How the catastrophe in Syria has turned into a disaster for science

The civil war in Syria is now well into its 18th month, and with it, it has now claimed the lives of over 30,000 people. And as if this conflict wasn't tragic enough, the scope of the fighting has extended to the ancient city of Aleppo and its UNESCO designated world heritage sites. Sadly, reports came in last week that the gorgeous Souk al-Madina Market — an important archaeological and historical site that dates back to the 14th century — has been burnt to the ground. It's yet another brutal reminder of how devastating wars can be to all facets of human life.

The now-destroyed market is only one of several places that UNESCO, the United Nations cultural agency, has been working to protect in Syria. Disturbingly, however, UNESCO has received reports that five of Syria's six world heritage sites have already been damaged — including the ancient desert city of Palmyra, the Crac des Chevaliers crusader fortress, and parts of old Damascus.

How the catastrophe in Syria has turned into a disaster for scienceS

The Al-Madina Souq was located in the heart of Aleppo within the walls of its ancient districts. It was known for its long and vaulted narrow alleys (over 13 kilometers worth), its intracately carved wooden facades, and its 1,500 shops — making it the world's largest covered market and a popular tourist attraction.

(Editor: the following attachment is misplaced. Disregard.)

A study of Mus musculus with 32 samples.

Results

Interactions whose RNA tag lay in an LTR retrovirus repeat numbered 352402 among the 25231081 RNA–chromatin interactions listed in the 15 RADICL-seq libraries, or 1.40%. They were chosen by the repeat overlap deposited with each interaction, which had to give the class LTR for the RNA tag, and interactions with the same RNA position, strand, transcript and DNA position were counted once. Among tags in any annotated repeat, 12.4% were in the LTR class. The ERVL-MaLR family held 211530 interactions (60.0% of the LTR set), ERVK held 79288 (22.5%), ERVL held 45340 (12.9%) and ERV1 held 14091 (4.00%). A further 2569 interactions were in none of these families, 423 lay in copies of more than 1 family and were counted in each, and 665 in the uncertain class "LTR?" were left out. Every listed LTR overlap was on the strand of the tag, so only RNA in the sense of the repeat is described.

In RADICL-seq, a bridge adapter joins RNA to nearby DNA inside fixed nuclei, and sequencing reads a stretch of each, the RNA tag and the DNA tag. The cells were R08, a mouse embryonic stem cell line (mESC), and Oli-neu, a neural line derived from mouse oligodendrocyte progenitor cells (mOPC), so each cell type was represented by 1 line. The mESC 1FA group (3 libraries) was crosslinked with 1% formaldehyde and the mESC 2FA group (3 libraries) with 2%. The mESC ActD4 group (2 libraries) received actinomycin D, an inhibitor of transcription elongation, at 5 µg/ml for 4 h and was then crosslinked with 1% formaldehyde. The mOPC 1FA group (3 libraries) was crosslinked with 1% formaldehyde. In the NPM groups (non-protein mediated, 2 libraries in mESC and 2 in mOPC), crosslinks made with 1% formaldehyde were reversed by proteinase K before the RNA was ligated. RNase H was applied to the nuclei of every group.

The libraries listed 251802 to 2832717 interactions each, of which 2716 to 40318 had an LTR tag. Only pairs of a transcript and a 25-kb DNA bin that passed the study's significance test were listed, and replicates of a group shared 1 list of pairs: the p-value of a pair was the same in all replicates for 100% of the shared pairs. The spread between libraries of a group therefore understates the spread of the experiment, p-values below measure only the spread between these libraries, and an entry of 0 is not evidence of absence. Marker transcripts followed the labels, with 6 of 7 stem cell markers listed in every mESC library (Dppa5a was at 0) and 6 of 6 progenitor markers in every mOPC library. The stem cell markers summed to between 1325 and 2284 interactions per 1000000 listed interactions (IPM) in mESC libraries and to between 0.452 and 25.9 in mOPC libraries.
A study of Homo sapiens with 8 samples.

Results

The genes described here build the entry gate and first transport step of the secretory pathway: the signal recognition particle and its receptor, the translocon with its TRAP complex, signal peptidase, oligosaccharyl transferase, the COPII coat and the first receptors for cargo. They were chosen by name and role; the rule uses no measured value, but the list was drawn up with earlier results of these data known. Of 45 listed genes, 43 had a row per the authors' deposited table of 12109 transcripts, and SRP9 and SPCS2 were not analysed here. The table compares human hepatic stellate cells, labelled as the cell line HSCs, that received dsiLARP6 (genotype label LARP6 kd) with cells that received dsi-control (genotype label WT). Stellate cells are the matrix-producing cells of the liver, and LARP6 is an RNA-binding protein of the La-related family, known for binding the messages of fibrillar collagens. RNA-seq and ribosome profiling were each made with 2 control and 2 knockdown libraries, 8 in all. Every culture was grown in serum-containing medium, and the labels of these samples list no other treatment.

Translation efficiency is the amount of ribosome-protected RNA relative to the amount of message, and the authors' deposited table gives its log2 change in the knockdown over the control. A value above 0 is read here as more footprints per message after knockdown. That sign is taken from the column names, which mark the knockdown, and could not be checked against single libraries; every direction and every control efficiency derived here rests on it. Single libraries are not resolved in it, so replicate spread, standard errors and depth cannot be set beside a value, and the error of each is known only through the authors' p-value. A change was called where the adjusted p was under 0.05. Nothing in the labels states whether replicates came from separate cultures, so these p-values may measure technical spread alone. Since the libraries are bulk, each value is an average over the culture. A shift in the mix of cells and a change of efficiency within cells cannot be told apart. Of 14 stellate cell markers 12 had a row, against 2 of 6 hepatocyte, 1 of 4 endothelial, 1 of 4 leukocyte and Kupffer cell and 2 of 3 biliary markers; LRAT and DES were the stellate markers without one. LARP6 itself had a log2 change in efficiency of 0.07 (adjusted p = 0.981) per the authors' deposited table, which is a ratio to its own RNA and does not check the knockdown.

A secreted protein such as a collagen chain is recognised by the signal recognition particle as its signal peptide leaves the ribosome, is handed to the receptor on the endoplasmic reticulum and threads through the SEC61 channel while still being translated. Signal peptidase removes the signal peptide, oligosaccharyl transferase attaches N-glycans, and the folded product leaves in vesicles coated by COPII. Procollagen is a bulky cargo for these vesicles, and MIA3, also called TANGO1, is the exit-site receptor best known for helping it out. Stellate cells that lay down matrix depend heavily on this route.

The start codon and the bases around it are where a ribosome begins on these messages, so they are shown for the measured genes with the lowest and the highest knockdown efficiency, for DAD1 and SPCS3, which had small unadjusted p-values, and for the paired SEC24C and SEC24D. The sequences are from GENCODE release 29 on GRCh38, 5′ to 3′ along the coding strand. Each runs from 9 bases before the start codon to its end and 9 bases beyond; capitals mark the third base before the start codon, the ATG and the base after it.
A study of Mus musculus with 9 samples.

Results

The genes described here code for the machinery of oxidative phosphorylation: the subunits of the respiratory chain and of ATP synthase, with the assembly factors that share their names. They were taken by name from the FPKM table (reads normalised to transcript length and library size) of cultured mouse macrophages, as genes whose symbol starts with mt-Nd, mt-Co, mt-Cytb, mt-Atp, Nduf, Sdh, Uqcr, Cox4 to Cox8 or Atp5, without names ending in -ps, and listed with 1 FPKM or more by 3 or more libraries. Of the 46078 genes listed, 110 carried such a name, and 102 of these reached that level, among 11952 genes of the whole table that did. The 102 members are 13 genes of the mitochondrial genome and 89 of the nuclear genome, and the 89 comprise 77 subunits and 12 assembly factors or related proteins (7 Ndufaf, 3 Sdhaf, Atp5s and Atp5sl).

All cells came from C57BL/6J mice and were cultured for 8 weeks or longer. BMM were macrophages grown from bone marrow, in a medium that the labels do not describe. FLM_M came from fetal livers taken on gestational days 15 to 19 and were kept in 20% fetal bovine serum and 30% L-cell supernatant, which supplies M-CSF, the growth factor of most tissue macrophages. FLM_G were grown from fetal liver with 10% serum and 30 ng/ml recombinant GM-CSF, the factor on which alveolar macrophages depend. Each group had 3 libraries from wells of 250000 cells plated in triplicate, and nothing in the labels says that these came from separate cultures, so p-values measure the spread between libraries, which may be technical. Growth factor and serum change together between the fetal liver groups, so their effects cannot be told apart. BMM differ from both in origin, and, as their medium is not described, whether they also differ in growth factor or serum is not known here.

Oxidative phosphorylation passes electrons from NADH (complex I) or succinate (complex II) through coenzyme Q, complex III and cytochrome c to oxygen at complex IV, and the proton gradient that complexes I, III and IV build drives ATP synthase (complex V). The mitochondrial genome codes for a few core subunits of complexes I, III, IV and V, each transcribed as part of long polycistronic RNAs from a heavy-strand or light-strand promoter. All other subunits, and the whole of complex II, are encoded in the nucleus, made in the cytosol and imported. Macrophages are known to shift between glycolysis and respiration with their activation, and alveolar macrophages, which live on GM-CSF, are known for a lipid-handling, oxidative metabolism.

It was designated a UNESCO heritage site in 1986 for its "rare and authentic Arab architectural styles" and its testimony to the city's cultural, social, and technological development from the Mameluke period.

Back in the 14th century, it was was a major trade center for imported luxury goods, including raw silk from Iran and spices and dyes from India. It also served as trading hub that networked all the way to China. More recently, it was a focal area for the development of wool, agricultural products, and soap.

How the catastrophe in Syria has turned into a disaster for scienceS

Distressed by the destruction of the market, UNESCO Director-General Irina Bokova warned all combative parties of Syria's obligations under the 1954 Hague Convention for the Protection of Cultural Property in the Event of Armed Conflict, to which it is a signatory. "The human suffering caused by this situation is already extreme," she noted through their official statement. "That the fighting is now destroying cultural heritage that bears witness to the country's millenary history — valued and admired the world over — makes it even more tragic."

This has not been a good year for UNESCO. Earlier this year, shrines in Timbuktu were destroyed by Islamist rebels. The tombs dated back to the 12th century.

Other sources: Reuters.

Images: gray-um.com/photos, euronews.